1961; later modifications. Rideout Rd.

The Saturn Static Test Stand, alternately known as the S-1C Test Stand, was designed and engineered for the Saturn V first stage booster. The stand is approximately 405 feet tall with a base of 164 x 164 feet in footprint. There are four concrete pylons rising at the corners of the stand with a 32-foot-deep substructure. Designed in 1961, the test stand was used to captive-fire the Saturn V (C-5) booster, the largest rocket then in development. The structure was designed to accommodate test articles up to 178 feet in length and 48 feet in diameter with up to 12 million pounds of thrust.

As of April 1965, NASA engineers ran short single-engine firings of the Saturn V at the Static Test Stand. Later that year the engineers tested the S-1C booster with five F-1 engines having a combined thrust of 7.5 million pounds. The first tests were 15-16 seconds in duration with later tests increased slowly to a full-length firing time of 2.5 minutes. Following Saturn testing at 4670, the stand was used for Space Shuttle and other advanced engine testing.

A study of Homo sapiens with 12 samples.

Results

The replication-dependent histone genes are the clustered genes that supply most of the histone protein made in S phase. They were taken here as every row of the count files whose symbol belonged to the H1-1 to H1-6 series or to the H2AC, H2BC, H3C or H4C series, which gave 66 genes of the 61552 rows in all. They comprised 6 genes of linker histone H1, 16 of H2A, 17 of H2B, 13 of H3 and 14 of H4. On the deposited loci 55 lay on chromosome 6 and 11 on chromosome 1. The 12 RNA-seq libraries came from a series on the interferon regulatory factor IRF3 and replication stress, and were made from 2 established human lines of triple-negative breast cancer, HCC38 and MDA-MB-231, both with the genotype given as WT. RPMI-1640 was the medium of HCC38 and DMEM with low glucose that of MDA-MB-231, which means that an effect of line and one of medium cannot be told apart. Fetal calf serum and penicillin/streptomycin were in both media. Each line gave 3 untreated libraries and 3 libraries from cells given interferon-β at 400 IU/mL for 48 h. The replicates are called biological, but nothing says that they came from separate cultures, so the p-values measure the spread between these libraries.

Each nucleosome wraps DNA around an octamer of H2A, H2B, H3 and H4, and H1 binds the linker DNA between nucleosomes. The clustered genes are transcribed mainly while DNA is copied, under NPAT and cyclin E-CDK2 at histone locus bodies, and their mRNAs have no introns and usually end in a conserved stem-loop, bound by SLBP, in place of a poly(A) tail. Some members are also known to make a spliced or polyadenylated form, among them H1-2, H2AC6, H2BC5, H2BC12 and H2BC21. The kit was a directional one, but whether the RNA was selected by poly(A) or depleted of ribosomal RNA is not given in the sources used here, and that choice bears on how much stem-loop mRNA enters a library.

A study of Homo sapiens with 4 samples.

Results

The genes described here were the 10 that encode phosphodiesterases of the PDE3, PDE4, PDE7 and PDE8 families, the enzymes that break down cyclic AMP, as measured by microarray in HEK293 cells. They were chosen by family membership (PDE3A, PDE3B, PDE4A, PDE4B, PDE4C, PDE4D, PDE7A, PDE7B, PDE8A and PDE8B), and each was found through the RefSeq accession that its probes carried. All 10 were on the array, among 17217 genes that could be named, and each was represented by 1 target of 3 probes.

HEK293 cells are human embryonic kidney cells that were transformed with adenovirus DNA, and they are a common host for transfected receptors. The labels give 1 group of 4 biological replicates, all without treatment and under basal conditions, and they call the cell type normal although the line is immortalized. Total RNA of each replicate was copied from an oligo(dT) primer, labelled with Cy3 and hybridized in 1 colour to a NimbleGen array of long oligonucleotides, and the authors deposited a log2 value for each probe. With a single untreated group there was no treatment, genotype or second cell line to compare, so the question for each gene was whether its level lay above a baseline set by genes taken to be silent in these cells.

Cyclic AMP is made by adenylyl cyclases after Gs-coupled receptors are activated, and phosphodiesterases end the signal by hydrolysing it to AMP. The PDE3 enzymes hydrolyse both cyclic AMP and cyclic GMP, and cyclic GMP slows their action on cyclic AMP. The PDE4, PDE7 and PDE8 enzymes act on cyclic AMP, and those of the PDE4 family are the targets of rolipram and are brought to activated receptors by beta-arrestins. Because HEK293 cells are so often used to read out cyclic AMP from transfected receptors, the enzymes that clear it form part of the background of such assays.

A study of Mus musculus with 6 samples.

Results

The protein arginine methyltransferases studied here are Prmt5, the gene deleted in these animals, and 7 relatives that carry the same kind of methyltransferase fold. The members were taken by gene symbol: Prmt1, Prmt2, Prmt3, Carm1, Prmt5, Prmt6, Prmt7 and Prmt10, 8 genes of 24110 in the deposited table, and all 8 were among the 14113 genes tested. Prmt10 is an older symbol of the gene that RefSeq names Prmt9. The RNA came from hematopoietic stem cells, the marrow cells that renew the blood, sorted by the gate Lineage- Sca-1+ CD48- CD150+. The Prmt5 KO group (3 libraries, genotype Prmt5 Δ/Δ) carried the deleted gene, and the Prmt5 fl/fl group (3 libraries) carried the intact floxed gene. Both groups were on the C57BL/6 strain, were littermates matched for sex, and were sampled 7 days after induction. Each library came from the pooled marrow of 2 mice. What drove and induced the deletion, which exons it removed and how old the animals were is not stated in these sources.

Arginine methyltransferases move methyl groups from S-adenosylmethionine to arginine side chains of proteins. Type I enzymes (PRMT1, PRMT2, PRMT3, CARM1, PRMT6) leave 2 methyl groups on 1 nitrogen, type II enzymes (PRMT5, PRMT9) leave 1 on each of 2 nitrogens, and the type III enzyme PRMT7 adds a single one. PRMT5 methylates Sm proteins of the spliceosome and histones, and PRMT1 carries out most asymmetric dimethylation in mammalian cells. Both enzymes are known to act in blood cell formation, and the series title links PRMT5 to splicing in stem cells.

References

EDAW, Inc. Historical Assessment of Marshall Space Flight Center. Historic American Engineering Record, Division of Prints and Photographs, Library of Congress, Washington, DC, 2004.

 

Writing Credits

Author: 
Ralph Allen
Coordinator: 
Robert Gamble

Timeline

  • 1961

    Design/construction

What's Nearby

Citation

Ralph Allen, "Saturn Static Test Stand (S-1C)", [Huntsville, Alabama], SAH Archipedia, eds. Gabrielle Esperdy and Karen Kingsley, Charlottesville: UVaP, 2012—, http://sah-archipedia.org/buildings/AL-01-089-0010-03.